Knight did not have appropriate risk controls in place to prevent the execution of erroneous trades or orders that exceed pre-set credit or capital thresholds, violating the SEC’s Market Access Rule, the regulator said.
On 1 August last year, a software problem at Knight caused four million unintentional orders to flood into the market over a 45-minute period, when attempting to fill just 212 customer orders, the SEC said. Knight traded more than 397m shares and ended up with “several billion dollars” in unwanted positions, which it had to unload at a loss of over $460m.
“These numbers highlight the risks that arise from automated trading, and the immense consequences that errors can have both for the firm itself, and for the market in general,” Daniel Hawke, chief of the SEC Enforcement Division’s market abuse unit.
The trading error forced Jersey City, New Jersey-based Knight to seek investors to help it stay afloat. The firm was later bought by Chicago-based Getco Holding for $1.4bn in a deal that closed in July.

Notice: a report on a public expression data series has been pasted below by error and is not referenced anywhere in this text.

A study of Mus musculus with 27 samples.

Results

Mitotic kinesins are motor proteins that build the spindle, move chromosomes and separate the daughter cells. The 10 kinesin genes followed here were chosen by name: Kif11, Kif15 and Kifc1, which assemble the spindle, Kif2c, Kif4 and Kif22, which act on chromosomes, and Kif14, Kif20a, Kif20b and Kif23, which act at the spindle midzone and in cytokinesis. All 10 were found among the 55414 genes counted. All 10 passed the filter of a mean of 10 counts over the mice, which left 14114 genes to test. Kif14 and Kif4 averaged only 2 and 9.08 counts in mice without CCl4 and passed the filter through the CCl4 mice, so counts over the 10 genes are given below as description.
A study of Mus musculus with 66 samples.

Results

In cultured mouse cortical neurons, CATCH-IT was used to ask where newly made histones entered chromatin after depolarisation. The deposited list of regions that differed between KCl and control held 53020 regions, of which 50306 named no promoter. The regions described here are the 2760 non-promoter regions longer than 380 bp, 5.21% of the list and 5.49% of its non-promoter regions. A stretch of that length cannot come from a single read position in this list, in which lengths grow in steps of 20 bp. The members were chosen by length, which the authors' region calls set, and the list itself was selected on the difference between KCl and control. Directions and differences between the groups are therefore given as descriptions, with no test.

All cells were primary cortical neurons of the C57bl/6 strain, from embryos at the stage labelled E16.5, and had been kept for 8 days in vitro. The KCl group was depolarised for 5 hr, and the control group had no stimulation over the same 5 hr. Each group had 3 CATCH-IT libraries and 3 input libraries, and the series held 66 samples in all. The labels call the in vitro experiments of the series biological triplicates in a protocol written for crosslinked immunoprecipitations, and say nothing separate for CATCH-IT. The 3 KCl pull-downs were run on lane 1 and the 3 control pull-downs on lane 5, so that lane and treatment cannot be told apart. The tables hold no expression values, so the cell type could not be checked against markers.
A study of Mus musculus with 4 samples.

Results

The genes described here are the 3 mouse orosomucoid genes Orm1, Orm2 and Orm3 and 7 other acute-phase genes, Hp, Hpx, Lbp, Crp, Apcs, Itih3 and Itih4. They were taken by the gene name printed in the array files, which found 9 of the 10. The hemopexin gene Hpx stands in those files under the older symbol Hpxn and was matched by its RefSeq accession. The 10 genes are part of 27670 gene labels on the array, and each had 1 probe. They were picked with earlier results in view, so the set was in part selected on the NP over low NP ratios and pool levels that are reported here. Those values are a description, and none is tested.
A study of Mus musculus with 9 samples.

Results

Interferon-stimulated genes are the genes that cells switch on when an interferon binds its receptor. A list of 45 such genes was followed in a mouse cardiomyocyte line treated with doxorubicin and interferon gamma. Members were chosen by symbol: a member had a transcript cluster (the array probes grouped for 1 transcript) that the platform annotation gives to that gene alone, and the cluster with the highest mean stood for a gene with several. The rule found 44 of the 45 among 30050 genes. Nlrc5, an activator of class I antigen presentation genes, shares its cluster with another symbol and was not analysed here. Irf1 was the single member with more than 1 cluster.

“As trading technology evolves, controls and compliance must keep pace,” Hawke said.
Knight had also failed to conduct adequate reviews of the effectiveness of its controls, the SEC said.
Knight neither admitted nor denied the SEC’s findings.
The settlement was another step in moving beyond the problems Knight had last year, KCG chief executive Daniel Coleman said in a letter to KCG clients.
He said the firm has implemented numerous risk control measures, including automated controls that would shut down trading when predetermined thresholds have been crossed, automated alerts, and an ”Emergency Response Center.”